The Philadelphia Phillies' connections to the Baltimore Orioles are something you are likely to hear about quite frequently over the course of the next few years.
Three of the Phillies' top decision-makers have connections to the Orioles. President of baseball operations Andy MacPhail served in the same role for the Orioles from June 2007 until the end of the 2011 season. During MacPhail's tenure with the team, current Phillies general manager Matt Klentak was named the team's director of baseball operations, a role he held from 2008-2011. Assistant general manager Ned Rice joined the Phillies front-office after the 2015 season, leaving his role as the Orioles' director of administration.
These connections have caused speculation that the Phillies could potentially be one of the suitors for Orioles third baseman/shortstop Manny Machado if he becomes a free-agent after the 2018 season. Ditto for All-Star closer Zach Britton. But perhaps the most juicy Orioles-related speculation is yet to come.
Ken Rosenthal of FOX Sports noted over the weekend that a power-struggle appears to be brewing between Orioles manager Buck Showalter and general manager Dan Duquette:
I reported on tension between Showalter and Duquette at the end of the 2015 season, and sources tell me that their relationship continues to be unsteady. So, would Showalter want to remain manager if Duquette stays as GM? Or would Showalter, who recently turned 61, prefer to be the GM himself?
There's many layers to this situation, but if Showalter were ever to become available, the connections to the Orioles that the Phillies front-office has would certainly set them up to be a player for his services, right? Well, not exactly. Despite the fact that current manager Pete Mackanin is only contractually guaranteed to be the manager for 2018 -- and may even need the team to pick their play up for that to be certain -- a future fit for Showalter isn't as good as you might think.
Let's start with the obvious: if there is a need to pick between Showalter and Duquette, there's no reason to think that Orioles owner Peter Angelos wouldn't side with Showalter. Duquette, who became the team's general manager after MacPhail left the front-office, came relatively close to becoming the Blue Jays' president/CEO during the 2014-15 offseason. The Orioles didn't balk at the idea of Duquette leaving to join a division rival, but instead didn't allow him to leave because they were unable to work out a trade with the Blue Jays that appeased them.
Prior to hiring Duquette, Angelos reportedly offered Showalter the chance to replace MacPhail, with Rosenthal also suggesting at that time that Angelos did bring up the idea of Showalter remaining the manager and taking over the front-office in a 2015 Chip Kelly-type role.
The history of Showalter turning down a chance to be an executive may suggest that he's just not interested in such a role. Certainly, it's hard to imagine him being interested in filling both roles at age 61, if that idea didn't intrigue him when he was in his mid-50s. But the most likely scenario if there's a shake-up is that the Orioles would part with Duquette and allow Showalter to be involved in picking the team's next general manager.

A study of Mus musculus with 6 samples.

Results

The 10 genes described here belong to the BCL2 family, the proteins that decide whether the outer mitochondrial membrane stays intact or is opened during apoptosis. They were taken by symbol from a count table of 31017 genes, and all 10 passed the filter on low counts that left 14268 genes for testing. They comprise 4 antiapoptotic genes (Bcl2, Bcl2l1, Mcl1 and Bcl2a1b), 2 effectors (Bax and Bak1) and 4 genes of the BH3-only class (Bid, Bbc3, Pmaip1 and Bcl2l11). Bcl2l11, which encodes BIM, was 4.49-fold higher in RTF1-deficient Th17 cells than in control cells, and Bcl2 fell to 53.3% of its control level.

However, the clock is ticking for Showalter. 61 is still relatively young, but it's fair to wonder how many more years he will be able to and/or want to deal with the rigors that managers go through. If the Orioles lose Machado, Britton and Adam Jones after 2018, perhaps Showalter would be interested in leaving with them. While there probably won't be an organization with as much young talent as the Chicago Cubs waiting to catch Showalter on the rebound like the Cubs did with Joe Maddon, there will be plenty of interest in him.
In theory, the Phillies could be coming of age around that time, especially if they are able to add a player like Machado in free-agency. However, with the stunted developments of Vince Velasquez, Maikel Franco and J.P. Crawford, among others, it's fair to wonder if the Phillies would be the most attractive place for Showalter to chase a championship at.
There's also the fact that MacPhail and Showalter didn't coexist over a long period in Baltimore. MacPhail publicly was the person that decided to hire Showalter during the 2010 season, though there were reports at the time that suggested that he would have preferred to hire a different candidate. MLB.com's Brittany Ghiroli noted when MacPhail decided to leave after the 2011 season that speculation that the two couldn't coexist was overblown, but MacPhail did choose to leave after his first full season of working with Showalter. He did so even as Angelos attempted to retain him.
It may not be as simple as the narrative of MacPhail deciding he couldn't work with Showalter. In his late-50s, he may have been burned out, especially since the Orioles hadn't yet returned to contention. He did cite wanting to spend more time with his family at the time, which makes sense since his father Lee passed away just over a year after he left the Orioles. Angelos also doesn't have a reputation around the league as being an owner who is easy to work with. Still, the idea of MacPhail and Showalter having mutual interest in reuniting in Philadelphia seems unlikely given their brief history together.
There would be something fitting in Showalter joining the Phillies for what they hope is their next great run. After all, he presided over the Orioles team that delivered one of the most painful losses that the Phillies have had during their rebuild, a 19-3 loss in June of 2015. But when you dig a little deeper, a fit that appears natural to some on the surface, isn't so ideal at the core.